When comparisons are helpful

One of the ways in which people get through distressing situations- or at least one of the suggested DBT skills- is to compare oneself with others in worse situations. I think the use of comparisons can be a bit tricky. Here are some helpful and non-helpful uses of comparisons:

Not helpful:
Comparisons can become a way of criticizing oneself for not measuring up. This is often done in a harsh and punitive manner. It generally goes something like this:
“Other people are worse off than me, so why should I be so upset about x.”
“I should be able to get over myself, because other people have it worse off than me.”
“What I think or feel is not important given the fact that people are starving in Africa and we have to worry about global warming.”
“I’ve got to push on, be strong, and ignore how painful things are- because the world doesn’t have time for me.”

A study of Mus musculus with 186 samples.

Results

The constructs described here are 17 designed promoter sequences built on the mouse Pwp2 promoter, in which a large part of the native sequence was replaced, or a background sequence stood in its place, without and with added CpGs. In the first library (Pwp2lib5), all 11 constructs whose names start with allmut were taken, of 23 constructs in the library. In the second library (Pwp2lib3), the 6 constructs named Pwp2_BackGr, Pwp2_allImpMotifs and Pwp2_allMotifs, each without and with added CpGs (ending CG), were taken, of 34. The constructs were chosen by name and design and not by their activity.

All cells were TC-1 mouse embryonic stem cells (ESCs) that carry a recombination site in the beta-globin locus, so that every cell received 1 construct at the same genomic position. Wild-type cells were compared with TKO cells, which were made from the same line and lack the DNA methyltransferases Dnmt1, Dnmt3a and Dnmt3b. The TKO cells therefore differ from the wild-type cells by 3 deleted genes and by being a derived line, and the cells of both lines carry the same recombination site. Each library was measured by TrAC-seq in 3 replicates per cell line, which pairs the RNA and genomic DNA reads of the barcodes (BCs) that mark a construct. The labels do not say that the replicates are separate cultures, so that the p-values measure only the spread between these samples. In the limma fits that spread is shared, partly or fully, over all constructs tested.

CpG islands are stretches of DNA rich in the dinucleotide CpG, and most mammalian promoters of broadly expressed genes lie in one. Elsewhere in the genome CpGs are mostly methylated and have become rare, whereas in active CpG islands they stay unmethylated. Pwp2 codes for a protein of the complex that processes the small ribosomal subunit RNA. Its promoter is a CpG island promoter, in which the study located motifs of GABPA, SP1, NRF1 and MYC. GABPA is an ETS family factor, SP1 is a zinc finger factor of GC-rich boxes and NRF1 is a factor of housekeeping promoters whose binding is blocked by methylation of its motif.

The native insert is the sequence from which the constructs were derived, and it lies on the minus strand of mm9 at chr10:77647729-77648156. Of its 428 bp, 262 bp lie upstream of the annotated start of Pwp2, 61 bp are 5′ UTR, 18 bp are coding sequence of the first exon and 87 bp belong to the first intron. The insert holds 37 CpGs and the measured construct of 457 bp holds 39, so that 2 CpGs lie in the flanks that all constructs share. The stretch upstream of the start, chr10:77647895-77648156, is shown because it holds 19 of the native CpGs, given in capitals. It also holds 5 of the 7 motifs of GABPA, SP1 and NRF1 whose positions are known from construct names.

When I think of comparisons- in a helpful way- it often brings me to a recognition of something bigger. For me, there is an opportunity to soften and relax around discomfort and pain. It puts me in touch with other people’s sadness, struggles, and grief. When I’m in touch with this, I feel a sense of being connected. I admire what people have to go through, and I recognize something resilient.

When I was in graduate school, I complained a lot about my dissertation and the effort it took to study and pass my competency exams. I thought this was quite worthwhile to complain about- what student doesn’t stress about such things! The thing was, I had two colleagues who had disabilities. Hanging out with them gave me a different perspective about my own stress- not only did they have to get through graduate school, but they had to do so without being able to walk or without being able to see. Now that’s admirable, and something that I take for granted on a day-to-day basis. That really meant something to me in the grand scheme of things.

The thing is- graduate school was stressful- but the connection, friendship, and realities of others around me made it less so. My pain wasn’t more important or worse- it was what it was- but my complaining noises quieted down when I looked around me and recognized what others had to go through.